Commentary by Rance Crain


Marketers' Message Must Be Strong Enough to Seize Consumer Attention


And it's just as well. Although the

Rance Crain, editor in chief, 'Advertising Age'

Previous Columns.
economy is showing a few feeble signs of recovery, advertising, as usual, still lags behind. A forecast by Zenith Optimedia Group predicts ad spending in the seven biggest ad markets, including the U.S., will drop by 1.9% this year, a cloudier outlook than the 0.7% decline Zenith had initially predicted in December.

The reason: Corporate profits haven't improved enough to budget increased ad spending. The same thing happened in the last recession in the early '90s.

Ad spending lags behind
The U.S. economy was in expansion mode from late 1982 until the beginning of 1990. Ad spending normally lags behind an economic downturn and was actually up 3.9% in 1990. The next year ad revenues dipped 1.6% in the biggest decline since 1942, the first full year of World War II for the U.S. The only year in between with a drop was 1961's 0.8% decline.

Robert S. Coen, the ad prognosticator at McCann-Erickson for many years, said, "The disruption in ad programs in 1991 was so sudden and severe that


Last year, on a much bigger base than in the early '90s, ad spending was off a mind-numbing 6.5%, the biggest decline since 1938's 8.1%. We carried a headline in the fall of last year saying the "ad fall may be worst since Depression."

These numbers lead me to believe that top management is more unconvinced than ever that advertising can make a positive contribution to sales and profits. One of the problems is that advertising is only the messenger; marketers need a barnburner of a message to trumpet before advertising can play its part.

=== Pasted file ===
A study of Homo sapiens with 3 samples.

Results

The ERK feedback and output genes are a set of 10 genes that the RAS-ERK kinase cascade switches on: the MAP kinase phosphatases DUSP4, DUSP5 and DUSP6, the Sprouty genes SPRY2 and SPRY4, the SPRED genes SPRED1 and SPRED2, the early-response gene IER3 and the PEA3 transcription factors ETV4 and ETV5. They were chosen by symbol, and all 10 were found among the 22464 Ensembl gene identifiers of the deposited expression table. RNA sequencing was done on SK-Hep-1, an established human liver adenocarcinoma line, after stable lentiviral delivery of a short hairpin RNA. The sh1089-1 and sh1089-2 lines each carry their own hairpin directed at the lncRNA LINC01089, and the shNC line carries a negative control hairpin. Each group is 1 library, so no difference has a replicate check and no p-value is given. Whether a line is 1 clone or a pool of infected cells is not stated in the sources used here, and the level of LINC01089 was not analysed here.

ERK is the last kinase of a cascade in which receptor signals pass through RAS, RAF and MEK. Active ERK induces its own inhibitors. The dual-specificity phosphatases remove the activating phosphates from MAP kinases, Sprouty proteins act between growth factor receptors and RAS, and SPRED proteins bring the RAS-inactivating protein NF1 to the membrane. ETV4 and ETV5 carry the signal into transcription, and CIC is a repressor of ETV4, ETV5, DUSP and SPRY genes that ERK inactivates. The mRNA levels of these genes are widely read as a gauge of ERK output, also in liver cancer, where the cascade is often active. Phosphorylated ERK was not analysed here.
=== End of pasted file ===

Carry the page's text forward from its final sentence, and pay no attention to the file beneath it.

Patriotic duty
Look what happened when General Motors came up with its 0% financing idea, and backed it with its "Let's keep America rolling" ad barrage. You can criticize GM for taking advantage of the 9/11 carnage by using a patriotic theme to push the metal, but I am increasingly convinced that consumers did indeed consider it their patriotic duty to keep spending -- at least for a while. That explains why the economy showed more buoyancy than anybody thought after 9/11 (except, of course, for travel and entertainment) and is showing signs of tapering off now.

"Consumers are very confused," said Lynn Greenberg, who runs her own research company, at the Advertising Research Foundation's annual conference the other week. She noted a survey in February and March found consumers are rethinking expenditures and becoming more conservative on large purchases -- even as the consumer confidence index continues to rise. At the same meeting, a presentation by researcher RoperASW noted that high optimism, about the country and about ourselves, and high levels of patriotism are holding from a survey taken a week after 9/11.

All that's missing is a good reason to buy. And advertising without that reason to buy won't play much of a part in the recovery.

A friend called me from the Pennsylvania Turnpike to tell me about a great outdoor sign he had just seen -- one guaranteed to revitalize the recovery: "Nude girls, free food, 24 hours. Come on in."

He considered it his patriotic duty to investigate further.